Tuesday, March 3, 2015

Congress as Viagra Gone Bad


By Bob Ferris

Now that the professional football season is over I find myself saddened—both because the Seahawks lost and because it will be some time before my wife and I will be able to watch the ‘Hawks play again.  But none of that sadness will be a result of missing being constantly bombarded by advertising particularly those ads for certain products of a male nature.  I find it somewhat ironic that these overly romantic marketing offerings—well seasoned with hot tub hand-holding and punctuated with innuendo—tend to end with the startling reality that this short expedition to connubial paradise could end in a trip to the hospital or worse.  Ouch—certainly all that glitters is not gold.

I think of the above as I consider our current Congressional situation.  I know that many voted for candidates solely on some hopeful premise like lower taxes, family values or out of some purported fear about a loss of particular freedoms or the outrageous injustice of having access to affordable health care (sorry).  Regardless of any personal motivation, my sense is that most saw their issue and then failed to carefully read the warning labels.

I suspect that someone who hunts and votes solely on gun rights or similar issues, for instance, might soon question the logic of that decision when their guy or gal turns out to also want to sell off their public lands (1,2,3,4,5,6,7,8,9,10), reduce clean water protections, greatly extend public grazing leases, and stop all progress on climate change or ocean acidification while prancing blithely down the legislative lane towards gutting the US Environmental Protection Agency (1.2,3,4,5,6,7,8,9,10).


But the little pill that got us to this embarrassing point and has put us all in so much jeopardy is complicated and the result of much investment, work and subterfuge by those who could give a flying crap about public lands with wilderness attributes, the simple values of seeing a jumping deer or salmon, or being able to drink water directly from a mountain stream.  These folks have invested mightily in “think tanks” that distort science, policy and reality mainly through self-published, non-peer reviewed tripe (1,2,3,4,5,6,7,8,9,10) and “grassroots” movements that represent their interests but certainly not ours (1,2,3,4,5,6,7,8,9,10) .  They put money too into snowball slinging senators (#SenatorSnowBall) and news sources that take reality and bend it artfully to suit their goals (1,2,3,4,5,6,7,8,9,10).  And they have attacked our education system and academia (1,2,3,4,5,6,7,8,9,10) with such vigor that we collectively are moving to a point where we will no longer have the ability to sort the figurative wheat from the chaff (i.e., know whether to take the "little pill" or not).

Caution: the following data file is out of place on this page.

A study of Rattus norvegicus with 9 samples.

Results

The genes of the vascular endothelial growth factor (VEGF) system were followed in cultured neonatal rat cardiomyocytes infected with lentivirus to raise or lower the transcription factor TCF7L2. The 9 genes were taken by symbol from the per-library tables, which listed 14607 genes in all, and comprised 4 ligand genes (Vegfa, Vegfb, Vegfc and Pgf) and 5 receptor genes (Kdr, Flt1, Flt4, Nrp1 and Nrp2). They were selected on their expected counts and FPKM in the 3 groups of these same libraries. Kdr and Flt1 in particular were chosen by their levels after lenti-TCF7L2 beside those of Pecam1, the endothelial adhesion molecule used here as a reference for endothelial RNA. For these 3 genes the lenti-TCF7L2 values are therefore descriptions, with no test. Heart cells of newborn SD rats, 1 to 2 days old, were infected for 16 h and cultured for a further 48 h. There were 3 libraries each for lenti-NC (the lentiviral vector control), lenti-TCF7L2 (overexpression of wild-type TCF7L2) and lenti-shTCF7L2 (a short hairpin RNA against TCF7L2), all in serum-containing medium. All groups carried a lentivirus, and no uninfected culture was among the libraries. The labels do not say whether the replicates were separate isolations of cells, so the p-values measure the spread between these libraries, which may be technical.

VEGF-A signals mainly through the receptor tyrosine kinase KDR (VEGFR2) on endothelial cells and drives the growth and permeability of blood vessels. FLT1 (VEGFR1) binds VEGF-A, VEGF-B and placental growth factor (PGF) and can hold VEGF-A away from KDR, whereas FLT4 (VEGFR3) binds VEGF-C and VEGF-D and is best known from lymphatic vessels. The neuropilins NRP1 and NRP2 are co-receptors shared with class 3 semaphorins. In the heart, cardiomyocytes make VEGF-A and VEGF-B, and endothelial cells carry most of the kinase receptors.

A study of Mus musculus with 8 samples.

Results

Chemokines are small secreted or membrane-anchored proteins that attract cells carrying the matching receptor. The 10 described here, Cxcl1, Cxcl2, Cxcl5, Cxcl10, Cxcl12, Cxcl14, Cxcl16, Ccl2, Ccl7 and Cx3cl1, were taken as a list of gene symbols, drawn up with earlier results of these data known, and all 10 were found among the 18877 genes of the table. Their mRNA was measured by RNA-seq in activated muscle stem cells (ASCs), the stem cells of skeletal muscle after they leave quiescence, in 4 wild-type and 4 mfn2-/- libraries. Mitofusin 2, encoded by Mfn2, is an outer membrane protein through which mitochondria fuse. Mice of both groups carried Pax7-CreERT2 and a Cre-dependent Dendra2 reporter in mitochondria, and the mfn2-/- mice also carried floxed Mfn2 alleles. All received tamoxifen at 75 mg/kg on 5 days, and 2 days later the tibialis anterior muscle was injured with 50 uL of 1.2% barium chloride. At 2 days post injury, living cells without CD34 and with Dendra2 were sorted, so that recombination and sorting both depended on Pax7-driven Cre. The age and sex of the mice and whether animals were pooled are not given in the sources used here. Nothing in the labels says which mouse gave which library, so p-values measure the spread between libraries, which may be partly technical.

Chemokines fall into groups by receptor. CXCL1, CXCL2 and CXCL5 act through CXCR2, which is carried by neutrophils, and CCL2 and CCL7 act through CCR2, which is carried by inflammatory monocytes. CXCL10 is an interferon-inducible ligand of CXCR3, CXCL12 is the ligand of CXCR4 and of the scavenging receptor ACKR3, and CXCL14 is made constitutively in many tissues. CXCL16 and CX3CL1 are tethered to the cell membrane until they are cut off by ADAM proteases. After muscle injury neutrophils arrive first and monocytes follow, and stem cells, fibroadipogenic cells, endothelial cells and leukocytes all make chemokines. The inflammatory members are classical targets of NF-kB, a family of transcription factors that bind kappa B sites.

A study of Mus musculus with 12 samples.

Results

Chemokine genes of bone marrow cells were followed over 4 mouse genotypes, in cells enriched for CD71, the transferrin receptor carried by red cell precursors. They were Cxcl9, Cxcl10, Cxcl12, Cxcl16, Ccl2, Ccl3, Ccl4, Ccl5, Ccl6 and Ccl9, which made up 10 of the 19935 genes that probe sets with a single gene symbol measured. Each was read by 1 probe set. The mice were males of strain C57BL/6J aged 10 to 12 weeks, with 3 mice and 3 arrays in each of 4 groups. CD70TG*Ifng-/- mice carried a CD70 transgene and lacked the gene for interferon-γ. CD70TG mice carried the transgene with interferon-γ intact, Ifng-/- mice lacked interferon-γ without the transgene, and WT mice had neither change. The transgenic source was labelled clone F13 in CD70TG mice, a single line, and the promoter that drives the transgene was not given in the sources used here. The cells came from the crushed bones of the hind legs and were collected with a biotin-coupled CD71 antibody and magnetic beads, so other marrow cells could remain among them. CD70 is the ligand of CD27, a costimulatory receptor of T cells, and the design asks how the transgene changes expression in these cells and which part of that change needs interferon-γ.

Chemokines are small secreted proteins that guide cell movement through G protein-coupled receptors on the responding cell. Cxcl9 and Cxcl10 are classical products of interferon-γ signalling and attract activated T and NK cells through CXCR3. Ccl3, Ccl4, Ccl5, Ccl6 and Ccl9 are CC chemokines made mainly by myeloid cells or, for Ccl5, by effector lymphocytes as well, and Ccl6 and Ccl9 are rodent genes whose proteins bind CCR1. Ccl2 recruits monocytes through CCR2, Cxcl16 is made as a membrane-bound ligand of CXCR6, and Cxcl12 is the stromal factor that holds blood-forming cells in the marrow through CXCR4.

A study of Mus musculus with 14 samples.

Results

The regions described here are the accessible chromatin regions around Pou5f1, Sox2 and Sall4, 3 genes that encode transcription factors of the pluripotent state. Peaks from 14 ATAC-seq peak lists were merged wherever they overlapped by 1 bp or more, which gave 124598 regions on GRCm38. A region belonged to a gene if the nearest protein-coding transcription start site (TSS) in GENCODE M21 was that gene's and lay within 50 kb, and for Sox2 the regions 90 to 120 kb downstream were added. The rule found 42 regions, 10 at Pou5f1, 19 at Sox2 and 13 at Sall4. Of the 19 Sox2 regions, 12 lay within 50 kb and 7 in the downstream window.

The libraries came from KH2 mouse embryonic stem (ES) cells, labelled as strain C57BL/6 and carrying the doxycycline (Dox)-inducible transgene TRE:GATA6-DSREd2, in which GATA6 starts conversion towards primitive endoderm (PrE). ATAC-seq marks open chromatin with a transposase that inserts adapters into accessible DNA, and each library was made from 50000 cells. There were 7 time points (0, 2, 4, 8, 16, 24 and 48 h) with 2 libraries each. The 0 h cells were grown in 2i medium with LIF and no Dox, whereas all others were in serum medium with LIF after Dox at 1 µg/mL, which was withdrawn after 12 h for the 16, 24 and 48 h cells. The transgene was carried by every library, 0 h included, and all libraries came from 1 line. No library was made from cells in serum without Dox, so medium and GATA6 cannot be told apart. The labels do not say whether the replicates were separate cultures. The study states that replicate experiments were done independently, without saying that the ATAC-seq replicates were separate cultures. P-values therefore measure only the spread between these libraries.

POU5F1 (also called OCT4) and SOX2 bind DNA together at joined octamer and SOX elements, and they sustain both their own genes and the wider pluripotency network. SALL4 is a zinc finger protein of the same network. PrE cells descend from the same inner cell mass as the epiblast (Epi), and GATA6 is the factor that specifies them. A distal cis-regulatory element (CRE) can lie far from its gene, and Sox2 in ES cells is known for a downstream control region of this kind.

Unfortunately, we are in the process of essentially becoming the sheep and cattle they want us to be
as we only see the alfalfa (meaningless incentives) they offer or the electric prods (fear) they wield and not the sheering sheds or slaughter houses where we are being led or driven.  And if your reaction to this is a feeling of powerlessness to fight this big machine, please see me smacking my forehead hard with the palm of my hand.  I will ask you to remember that little event this past November where you voted or not.  That was when you decided to pop this highly promoted and absolutely manufactured pill without reading the warning labels that were there for all to see. Now we collectively sit with an "election" at the apprehensive three-hour mark hoping it does not go to the permanently damaging and potentially fatal fourth hour.

Seahawk running back Marshawn Lynch is in the process of registering his catch phrase about being at a press conference to avoid being fined.  Perhaps the rest of us—particularly those who value wildlife and wild places—should  adopt a phase too.  Something like: I am just voting to avoid losing any hope for a wild future that resembles what I have known or want.



It is also important to work with these groups and others to rebuild bridges with allied groups in the conservation and environmental realms.  And for 2016 it will be extremely important to pick candidates who are not beholding to the collective machine described above and if they are not offered we will have to find them or create them ourselves.